Can You Leave Your Estate to Your Dog?

Kate Barrington
by Kate Barrington
Lawyers recommend that everyone should have a will. And for dog parents, you have some decisions to make about how your pooch will be taken care of in the event of your death.

The only thing you can really expect with any certainty in life is the fact that it will someday end. No one likes to think about dying but the fact is that it will happen to all of us, some sooner than others. Planning for your future is incredibly important, especially if you have a family to look after. But what happens to your pets when you leave this world? Keep reading to learn how to ensure that your canine companion is cared for after your departure.

What Does the American Bar Association Have to Say?

According to the American Bar Association (ABA), pets are classified as property. You consider your dog a member of the family – maybe even your best friend – but legally he is the same as the desk in your office or the car in your garage.

Related: The P.E.T.S. Plan – Four Steps To Divorcing With Pets

If you want to ensure that your pet is cared for when you are no longer around to care for him, you’ll need to make specific provisions to ensure that this happens. It is unfortunate but true that thousands of pets end up in the shelter system each year because their owners pass away, not knowing that they needed to (or had the option to) make provisions for their beloved pets. Keep reading to learn how to legally provide for your pet in your estate.

How to Include Your Dog in Your Estate

When it comes to including your dog in your estate, there are two legal documents you can use. The first is your will – this is a document that serves as a guide for how you want your property to be distributed after your death. You have the option to name in your will who you want to care for your pet – you can also gift them money for his care. What you need to realize, however, is that the instructions in a will are not legally enforceable – you cannot legally require someone to care for your pet and any money you give them for that purpose can legally be used in whatever way the beneficiary sees fit.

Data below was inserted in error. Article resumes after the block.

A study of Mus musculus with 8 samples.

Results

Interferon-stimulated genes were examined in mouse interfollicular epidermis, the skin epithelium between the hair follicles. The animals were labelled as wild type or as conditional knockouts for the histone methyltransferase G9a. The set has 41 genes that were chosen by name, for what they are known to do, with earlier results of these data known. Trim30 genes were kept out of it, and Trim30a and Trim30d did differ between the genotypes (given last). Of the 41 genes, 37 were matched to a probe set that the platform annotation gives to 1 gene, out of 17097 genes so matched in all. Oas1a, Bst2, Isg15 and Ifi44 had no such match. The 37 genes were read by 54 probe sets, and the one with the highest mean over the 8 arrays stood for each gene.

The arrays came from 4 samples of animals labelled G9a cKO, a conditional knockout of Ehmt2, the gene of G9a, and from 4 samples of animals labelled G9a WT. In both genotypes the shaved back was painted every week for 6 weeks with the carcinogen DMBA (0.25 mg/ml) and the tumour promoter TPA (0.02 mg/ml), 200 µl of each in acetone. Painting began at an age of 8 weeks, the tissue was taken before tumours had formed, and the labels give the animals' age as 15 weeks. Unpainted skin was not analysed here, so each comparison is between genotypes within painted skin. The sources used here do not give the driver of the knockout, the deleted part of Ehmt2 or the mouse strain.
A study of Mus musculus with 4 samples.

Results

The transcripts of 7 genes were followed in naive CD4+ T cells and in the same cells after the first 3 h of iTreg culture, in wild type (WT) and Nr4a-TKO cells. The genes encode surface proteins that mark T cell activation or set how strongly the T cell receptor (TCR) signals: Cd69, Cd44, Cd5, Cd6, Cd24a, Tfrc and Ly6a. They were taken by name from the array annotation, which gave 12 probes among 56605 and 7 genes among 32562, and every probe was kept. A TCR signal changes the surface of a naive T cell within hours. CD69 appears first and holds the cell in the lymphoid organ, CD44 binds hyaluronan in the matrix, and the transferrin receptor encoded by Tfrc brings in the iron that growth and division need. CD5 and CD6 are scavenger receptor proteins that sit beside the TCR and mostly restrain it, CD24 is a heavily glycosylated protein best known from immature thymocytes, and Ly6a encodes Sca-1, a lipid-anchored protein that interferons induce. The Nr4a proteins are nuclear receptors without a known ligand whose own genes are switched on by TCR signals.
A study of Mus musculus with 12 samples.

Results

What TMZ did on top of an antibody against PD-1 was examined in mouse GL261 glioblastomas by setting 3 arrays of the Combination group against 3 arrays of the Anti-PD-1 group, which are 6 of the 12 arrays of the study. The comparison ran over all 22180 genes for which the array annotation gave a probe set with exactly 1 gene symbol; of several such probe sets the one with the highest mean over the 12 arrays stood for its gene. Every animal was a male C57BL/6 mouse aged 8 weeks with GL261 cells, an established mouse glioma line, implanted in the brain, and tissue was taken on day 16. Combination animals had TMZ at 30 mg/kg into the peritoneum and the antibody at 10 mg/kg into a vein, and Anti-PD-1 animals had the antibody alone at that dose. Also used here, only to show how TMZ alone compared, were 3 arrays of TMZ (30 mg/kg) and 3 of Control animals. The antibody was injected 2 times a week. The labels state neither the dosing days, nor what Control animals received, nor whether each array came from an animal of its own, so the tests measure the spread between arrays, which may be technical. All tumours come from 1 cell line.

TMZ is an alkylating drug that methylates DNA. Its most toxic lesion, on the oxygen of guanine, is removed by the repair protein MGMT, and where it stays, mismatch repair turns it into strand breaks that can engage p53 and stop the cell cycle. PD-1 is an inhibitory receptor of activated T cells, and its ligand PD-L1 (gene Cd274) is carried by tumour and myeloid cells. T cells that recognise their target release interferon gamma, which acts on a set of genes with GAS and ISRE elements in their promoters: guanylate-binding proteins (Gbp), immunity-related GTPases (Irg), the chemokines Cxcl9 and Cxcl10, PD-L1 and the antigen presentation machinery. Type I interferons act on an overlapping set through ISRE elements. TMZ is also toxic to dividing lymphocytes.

Related: Generous Woman Wills $1.2 Million To Tennessee’s Cats and Dogs

Another legal document you might use to secure your pet’s care after your passing is a pet trust. A pet trust allows you to name someone to care for your pet and it allows you to assign a trustee who will distribute any funds reserved for that purpose and to ensure that the person you choose follows your instructions. This document is useful because you can assign a different person as the caregiver and as the trustee so you don’t have to worry about fights over funds. You can also use a pet trust to provide instructions for pet care if you are incapacitated.

Can You Leave Your Estate to Your Dog?

If you want to leave your entire estate to your dog, you are going to run into some legal challenges. First of all, know that most states dictate that the spouse of the deceased receives the entirety of the estate if you have minor children. If you have no heirs, it may go to your closest living relatives. If you want your entire estate to go to your dog, you can make that happen but know that unconventional wills are more likely to be scrutinized by probate judges. You’ll need to use the legal documents mentioned above to ensure your dog’s care and you’ll need to hire legal counsel to draft the documents needed to leave your estate to your dog.

Kate Barrington
Kate Barrington

Kate Barrington is the loving owner of two cats (Bagel and Munchkin) and a noisy herd of guinea pigs. Having grown up with golden retrievers, Kate has a great deal of experience with dogs but labels herself a lover of all pets. Having received a Bachelor's degree in English, Kate has combined her love for pets and her passion for writing to create her own freelance writing business, specializing in the pet niche.